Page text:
The Seattle Storm point guard has made an impact that will forever be felt.

Sue Bird has flown the coop. The Seattle guard had hoped to win her fifth WNBA championship with one last postseason run, but the Storm was eliminated Tuesday night by the Las Vegas Aces in the playoff semifinals. Now is the time to look back on and celebrate the 41-year-old’s career, n ot just on the court, where she is clearly one of the greatest to ever play the game, but also with her advocacy for causes near to her heart.

Sue Bird #10 of the Seattle Storm reacts after losing to the Las Vegas Aces 97-92 in her final game of her career during Game Four of the 2022 WNBA Playoffs semifinals at Climate Pledge Arena on September 06, 2022 in Seattle, Washington. 

Sue Bird #10 of the Seattle Storm reacts after losing to the Las Vegas Aces 97-92 in her final game of her career during Game Four of the 2022 WNBA Playoffs semifinals at Climate Pledge Arena on September 06, 2022 in Seattle, Washington. 

Soaring Career

Bird took the Seattle franchise to new heights during her 21 years in the city. In the pros she always demonstrated what she had learned from coach Geno Auriemma at UConn, where she won two NCAA titles and was the Naismith player of the year. “He would always say, ‘Basketball’s not a game of how to – it’s a game of when to.’ You learn this very quickly,” Bird says. “When you become a professional, everybody can pass. Everybody can shoot. Everybody can dribble. Everybody can do the things, but not everybody knows when to do those things. Like when to pass, when to dribble. And that subtle difference is what makes a player make the WNBA or not, literally, so I’ve always tried to live by that.”

Despite having to sit out two seasons due to injury, she won four championships (in three different decades), was named to a record 13 All-Star Games and is the winningest player in WNBA history. In 2017, she broke Ticha Penicheiro’s all-time assists record, ending her career with 3,234. With Team USA, she has won five Olympic gold medals and four FIBA world championships.


Following the playoff loss to Las Vegas, the home crowd at Climate Pledge Arena chanted “Thank you, Sue” and gave her a standing ovation. “It’s sad and obviously I’m so thankful,” a teary Bird said in an ESPN interview mid-court. “I’m going to miss it so much. It’sbeen my honor to play for this franchise and these fans.”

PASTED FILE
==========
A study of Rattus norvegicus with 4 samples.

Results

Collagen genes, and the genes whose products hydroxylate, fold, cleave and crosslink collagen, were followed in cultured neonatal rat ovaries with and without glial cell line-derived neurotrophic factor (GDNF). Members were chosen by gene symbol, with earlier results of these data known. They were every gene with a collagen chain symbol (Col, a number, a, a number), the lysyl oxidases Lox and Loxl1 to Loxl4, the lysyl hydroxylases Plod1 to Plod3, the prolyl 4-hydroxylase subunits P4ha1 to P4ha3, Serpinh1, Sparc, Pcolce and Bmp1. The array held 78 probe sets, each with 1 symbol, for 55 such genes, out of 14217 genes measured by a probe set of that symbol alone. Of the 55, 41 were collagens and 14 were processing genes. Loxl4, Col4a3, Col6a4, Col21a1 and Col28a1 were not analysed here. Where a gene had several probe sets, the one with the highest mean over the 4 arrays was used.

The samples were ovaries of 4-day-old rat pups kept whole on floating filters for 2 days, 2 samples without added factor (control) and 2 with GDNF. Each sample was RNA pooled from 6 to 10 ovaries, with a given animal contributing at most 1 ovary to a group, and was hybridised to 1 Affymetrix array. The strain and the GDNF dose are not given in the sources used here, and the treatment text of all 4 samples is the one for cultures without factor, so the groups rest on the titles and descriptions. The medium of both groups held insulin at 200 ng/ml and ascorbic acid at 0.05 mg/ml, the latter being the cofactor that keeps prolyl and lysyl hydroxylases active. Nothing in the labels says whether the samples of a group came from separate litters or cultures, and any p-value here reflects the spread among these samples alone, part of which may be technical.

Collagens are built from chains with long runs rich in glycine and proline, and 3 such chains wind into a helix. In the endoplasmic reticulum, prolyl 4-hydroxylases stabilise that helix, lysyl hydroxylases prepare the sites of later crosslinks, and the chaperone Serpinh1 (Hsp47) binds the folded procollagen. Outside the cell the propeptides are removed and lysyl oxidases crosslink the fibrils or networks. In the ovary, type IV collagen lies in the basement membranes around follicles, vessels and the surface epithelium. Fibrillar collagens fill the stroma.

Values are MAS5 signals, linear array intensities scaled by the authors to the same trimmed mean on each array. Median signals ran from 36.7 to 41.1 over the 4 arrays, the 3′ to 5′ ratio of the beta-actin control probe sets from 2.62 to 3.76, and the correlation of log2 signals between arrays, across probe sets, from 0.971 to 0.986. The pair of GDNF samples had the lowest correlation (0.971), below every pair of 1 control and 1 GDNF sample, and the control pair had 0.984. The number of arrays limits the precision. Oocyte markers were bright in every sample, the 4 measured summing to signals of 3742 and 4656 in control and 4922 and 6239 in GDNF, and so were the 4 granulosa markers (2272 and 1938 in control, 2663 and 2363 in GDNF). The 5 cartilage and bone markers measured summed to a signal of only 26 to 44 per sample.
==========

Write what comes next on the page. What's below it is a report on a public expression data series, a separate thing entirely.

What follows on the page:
Sue Bird #10 of the Seattle Storm gives a farewell at the end of the game against the Las Vegas Aces on September 6, 2022 at Climate Pledge Arena in Seattle, Washington. 

 Sue Bird #10 of the Seattle Storm gives a farewell at the end of the game against the Las Vegas Aces on September 6, 2022 at Climate Pledge Arena in Seattle, Washington. 

New Phase

So what will Bird do next? Will she coach, work as a commentator, simply enjoy retirement? Whatever it is, it’s clear she isn’t afraid to step out of her comfort zone, having appeared in the 2022 SI Swimsuit issue. In July, Bird joined an ownership group for the NWSL’S NJ/NY Gotham FC and is expected to have a significant advisory role. (Fiancee Megan Rapinoe is the captain of the NWSL’s OL Reign.) Bird co-founded the media and commerce production company TOGETHXR with USWNT striker Alex Morgan, snowboarder Chloe Kim and swimmer Simone Manuel to ensure that women athletes get the coverage they deserve. “Women only get 4% of total [media] coverage,” she says. “It came as a ‘put your money where your mouth is’ moment [for all of us] because we complain about this… We want more coverage. The whole idea is sharing the spotlight. Giving the spotlight right to women. Women of sports, women of color, but it’s not just sports. It’s also lifestyle culture because it’s all interconnected these days anyway.” No matter what Bird decides to do next, we know her voice will be heard.